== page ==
The nuns taught as if each of us might win a Nobel Prize, and if they gave them out for long division or diagramming sentences, I'd have one under my belt by now. Their horizons didn't stretch much beyond the Susquehanna River. While others worried about Sputnik, we took up collections for pagan babies and went to see only those movies acceptable to the Legion of Decency. Our class trip was always to Hershey Park, where, after watching chocolate being made and stuffing ourselves with free samples, we rode the roller coaster. There was no slow track: each of us had a soul to be saved, so each of us had a brain to be honed. I never saw the nuns hit a student. We feared detention, censure, disappointment, but not the ruler. Step out of line and you would be ostracized, not just by Sister Mary William, but by the whole class. We'd all be deprived of crossword puzzles and spelling bees for a week.
But even the nuns' expansive idea of who could be taught wasn't enough to encompass Jimmy. What were my parents to do? Their main point of reference was the Kennedy family, which suggests that all the money and all the experts in the world is not enough. Ashamed of his eldest daughter, Rosemary, who had been deprived of oxygen at birth, Joe Kennedy, without telling his wife, had her lobotomized. She had lived at home before but was shipped off afterward to a school in Wisconsin for "exceptional children." Our small town had no schools for exceptional children, and surely if it meant living there, my brother would not have gone. Instead he started going to a "sheltered workshop" nearby, where the production of lanyards and pot holders outstripped local demand, but which occupied him. He looked around and didn't understand why he was there at first. "I'm not handicapped," he kept saying. But soon he was engaged in the activities. At dinner, he gave a blow-by-blow of his day, which was exactly like every other day, which was why he came to like it. We were thrilled by every word.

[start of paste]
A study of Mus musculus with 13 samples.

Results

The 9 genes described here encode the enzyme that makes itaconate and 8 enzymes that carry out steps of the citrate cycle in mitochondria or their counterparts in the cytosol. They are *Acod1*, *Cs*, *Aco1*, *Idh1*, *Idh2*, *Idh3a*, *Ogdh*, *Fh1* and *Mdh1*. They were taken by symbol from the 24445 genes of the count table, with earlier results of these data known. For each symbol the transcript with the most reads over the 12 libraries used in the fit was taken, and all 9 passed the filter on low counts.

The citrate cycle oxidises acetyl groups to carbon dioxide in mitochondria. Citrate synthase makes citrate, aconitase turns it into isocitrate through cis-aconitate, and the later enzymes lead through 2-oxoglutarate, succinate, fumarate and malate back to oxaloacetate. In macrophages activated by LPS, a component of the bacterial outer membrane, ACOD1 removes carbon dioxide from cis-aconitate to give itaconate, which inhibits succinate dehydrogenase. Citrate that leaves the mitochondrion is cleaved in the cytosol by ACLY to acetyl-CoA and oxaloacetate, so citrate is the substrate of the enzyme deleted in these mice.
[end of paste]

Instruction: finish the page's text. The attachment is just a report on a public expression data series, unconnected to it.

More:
The dynamic of our family changed when I went off to Bishop McDevitt High School. Before then, I'd been a child of limited means but endless possibilities. We had everything I could think of — a shiny Chevrolet, a TV, summer vacations, a big lawn with a volleyball net, and Reader's Digest condensed books. We fit into our neighborhood with houses so similar that you could practically walk into someone else's kitchen and open the refrigerator before realizing it wasn't yours.
Suddenly I entered a new world. McDevitt had a modest tuition, which many of my former schoolmates' parents couldn't pay. Soon I had a group of new friends I didn't want to explain to my parents, and parents I didn't want to explain to them. I became aware of class distinctions. I met the children of doctors and lawyers from Camp Hill I hadn't known before because they went to private school, and a new set of kids who lived on the other side of Harrisburg, which was flourishing with new development. There were builders' and bankers' kids with big houses and their very own cars.